Last week a colleague and I undertook a refresher course with Stephen Oliver of the Will Company. Stephen has been running the Will Company with Tracey Perkins since 1995.
Continuity and reliability are important for us at Astra and being able to rely on Stephen and the Will Company adds significant value to our business. Discussing end-of-life matters is never an easy conversation with clients but since Covid it is a subject more clients are realizing they need to discuss and resolve.
Aside from Wills more and more of us are beginning to understand the importance of ‘lasting powers of attorney’. [LPA] Sadly the UK press is full of examples where the state fails people in old age and does not provide the compassion and empathy which we would expect. Often the courts in fact remove the family from any decision-making with regard to the finances and health of the concerned party.
Not only does this cause anger and upset for the family but also unnecessary costs. Sadly, sometimes LPA’s can be abused by those given authority to help the client. Generally, however, this happens rarely provided the LPA’s are set up correctly with the help of a professional.
The benefits for ex-pats of LPA’s are significant and include the below:
An LPA enables you to choose someone or multiple people to manage your financial affairs when you are no longer mentally capable.
It keeps control of your finances with people you trust and avoids government intervention and unnecessary costs.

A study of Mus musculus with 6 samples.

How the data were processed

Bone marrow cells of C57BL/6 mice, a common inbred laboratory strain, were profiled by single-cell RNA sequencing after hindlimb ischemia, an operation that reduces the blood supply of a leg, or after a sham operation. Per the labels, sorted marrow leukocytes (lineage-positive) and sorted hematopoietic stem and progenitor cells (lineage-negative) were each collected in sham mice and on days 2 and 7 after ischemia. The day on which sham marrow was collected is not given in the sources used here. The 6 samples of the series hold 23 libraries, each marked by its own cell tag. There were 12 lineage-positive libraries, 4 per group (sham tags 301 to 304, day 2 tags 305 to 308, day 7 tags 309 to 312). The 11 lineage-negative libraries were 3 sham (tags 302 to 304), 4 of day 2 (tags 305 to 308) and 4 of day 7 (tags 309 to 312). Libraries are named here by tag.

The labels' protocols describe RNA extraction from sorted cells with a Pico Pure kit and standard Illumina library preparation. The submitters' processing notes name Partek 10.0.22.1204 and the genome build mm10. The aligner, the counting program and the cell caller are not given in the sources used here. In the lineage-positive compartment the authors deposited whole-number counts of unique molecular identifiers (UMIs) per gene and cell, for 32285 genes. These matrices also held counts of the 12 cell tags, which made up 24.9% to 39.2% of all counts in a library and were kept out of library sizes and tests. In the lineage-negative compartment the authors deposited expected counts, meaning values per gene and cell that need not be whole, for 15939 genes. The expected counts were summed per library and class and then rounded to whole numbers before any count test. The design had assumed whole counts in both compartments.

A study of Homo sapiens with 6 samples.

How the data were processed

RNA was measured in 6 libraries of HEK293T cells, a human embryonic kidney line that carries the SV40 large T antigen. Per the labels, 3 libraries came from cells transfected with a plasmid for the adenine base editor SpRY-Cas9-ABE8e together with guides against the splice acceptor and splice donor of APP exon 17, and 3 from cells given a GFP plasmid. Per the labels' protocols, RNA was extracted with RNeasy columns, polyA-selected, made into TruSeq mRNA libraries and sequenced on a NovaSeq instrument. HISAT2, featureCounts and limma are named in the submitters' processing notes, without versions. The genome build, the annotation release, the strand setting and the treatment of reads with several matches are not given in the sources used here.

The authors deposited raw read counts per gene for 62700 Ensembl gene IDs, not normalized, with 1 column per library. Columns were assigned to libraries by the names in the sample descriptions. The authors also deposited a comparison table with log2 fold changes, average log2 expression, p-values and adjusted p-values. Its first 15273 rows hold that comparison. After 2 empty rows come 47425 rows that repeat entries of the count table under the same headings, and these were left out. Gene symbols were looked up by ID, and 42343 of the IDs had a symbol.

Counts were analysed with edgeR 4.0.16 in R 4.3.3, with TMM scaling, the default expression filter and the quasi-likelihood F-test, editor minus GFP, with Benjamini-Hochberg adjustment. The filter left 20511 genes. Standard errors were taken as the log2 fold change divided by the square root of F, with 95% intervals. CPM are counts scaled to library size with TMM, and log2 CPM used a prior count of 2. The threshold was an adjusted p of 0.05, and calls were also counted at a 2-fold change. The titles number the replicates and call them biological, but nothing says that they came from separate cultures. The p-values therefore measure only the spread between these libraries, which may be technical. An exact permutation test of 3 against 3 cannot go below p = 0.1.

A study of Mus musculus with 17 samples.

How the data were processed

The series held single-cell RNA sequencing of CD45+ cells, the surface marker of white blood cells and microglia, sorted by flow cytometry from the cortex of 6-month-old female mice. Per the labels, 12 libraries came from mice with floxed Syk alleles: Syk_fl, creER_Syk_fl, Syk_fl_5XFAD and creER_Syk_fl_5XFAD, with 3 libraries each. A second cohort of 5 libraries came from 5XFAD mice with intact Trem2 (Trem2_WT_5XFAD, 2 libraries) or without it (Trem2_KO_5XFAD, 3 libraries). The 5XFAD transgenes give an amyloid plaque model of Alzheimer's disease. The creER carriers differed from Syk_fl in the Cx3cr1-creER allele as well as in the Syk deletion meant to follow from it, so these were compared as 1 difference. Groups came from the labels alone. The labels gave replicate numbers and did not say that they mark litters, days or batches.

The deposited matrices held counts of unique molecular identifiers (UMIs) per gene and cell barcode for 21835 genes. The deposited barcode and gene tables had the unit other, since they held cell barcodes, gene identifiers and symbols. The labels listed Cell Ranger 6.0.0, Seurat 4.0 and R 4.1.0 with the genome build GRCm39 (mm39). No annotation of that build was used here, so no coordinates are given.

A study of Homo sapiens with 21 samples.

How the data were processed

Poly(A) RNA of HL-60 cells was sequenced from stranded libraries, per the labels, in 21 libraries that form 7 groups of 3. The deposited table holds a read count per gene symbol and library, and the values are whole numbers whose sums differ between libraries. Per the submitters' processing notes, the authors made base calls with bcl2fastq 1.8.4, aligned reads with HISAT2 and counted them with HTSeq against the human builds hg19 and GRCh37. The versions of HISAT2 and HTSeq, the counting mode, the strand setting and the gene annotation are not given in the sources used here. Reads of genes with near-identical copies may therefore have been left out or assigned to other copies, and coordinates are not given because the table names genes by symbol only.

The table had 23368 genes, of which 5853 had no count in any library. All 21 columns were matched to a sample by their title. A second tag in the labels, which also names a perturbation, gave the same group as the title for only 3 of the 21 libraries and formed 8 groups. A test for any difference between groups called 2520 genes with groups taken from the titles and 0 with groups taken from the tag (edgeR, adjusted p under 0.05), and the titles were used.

It enables the person making the LPA to maintain a certain dignity and lifestyle which they might lose if the state took over and made these decisions.
For ex-pats, this may also mean the ability to choose to remain outside the UK where they could receive better care and at a lower cost.
An LPA helps you to prepare for the later stages of life with people who you trust and who have your best interests at heart.
During the course, we discussed the two main LPA’s which relate to ‘finance & property’ and ‘health and welfare’.
The benefits of the ‘Financial LPA’ are mentioned above but the ‘Health & Welfare LPA’ needs to also be considered for clients. The ‘Health and Welfare LPA’ enables the client to make ‘end-of-life choices’ about the medical care and things they want to be considered as they get older.
These choices can be conveyed to the ‘trusted people’ who are mentioned in the LPA. Once the LPA is registered this gives those ‘trusted people’ the power to speak with Doctors or other concerned parties about your wishes regarding medication or other considerations you may have with regard to ‘life-sustaining treatment’.
LPA’s are a very powerful tool and careful thought needs to be given before you go ahead and set up an LPA. LPA’s are often arranged by a lawyer or solicitor who charge a fee for this service. Once set up the lawyer is unlikely to contact the client or keep in touch with them unless they have a need to speak with the lawyer. Nowadays more and more Independent Wealth Managers/ Financial Advisors are providing this service, especially for ex-pats.
The likely reason for this is that the client is likely to have had a long-term relationship with their ‘wealth manager’. The wealth manager will better understand their situation than a lawyer whom they rarely meet.
Ultimately LPA’s are another form of insurance we all hope that we will never require. However, sadly we will never know the real cost until something happens and it is too late. LPA’s are one of the multitude of tools that a good wealth manager or financial advisor will have in their kit bag to help their clients.
Realistically it is never too early to start considering whether you need to set up an LPA but chatting with your wealth manager can give you clarity on what is becoming a major concern for many ex-pats.
The author of this article is a qualified Will Writer and a member of STEP and able to provide advice and coaching on issues surrounding the use and set up of LPA’s.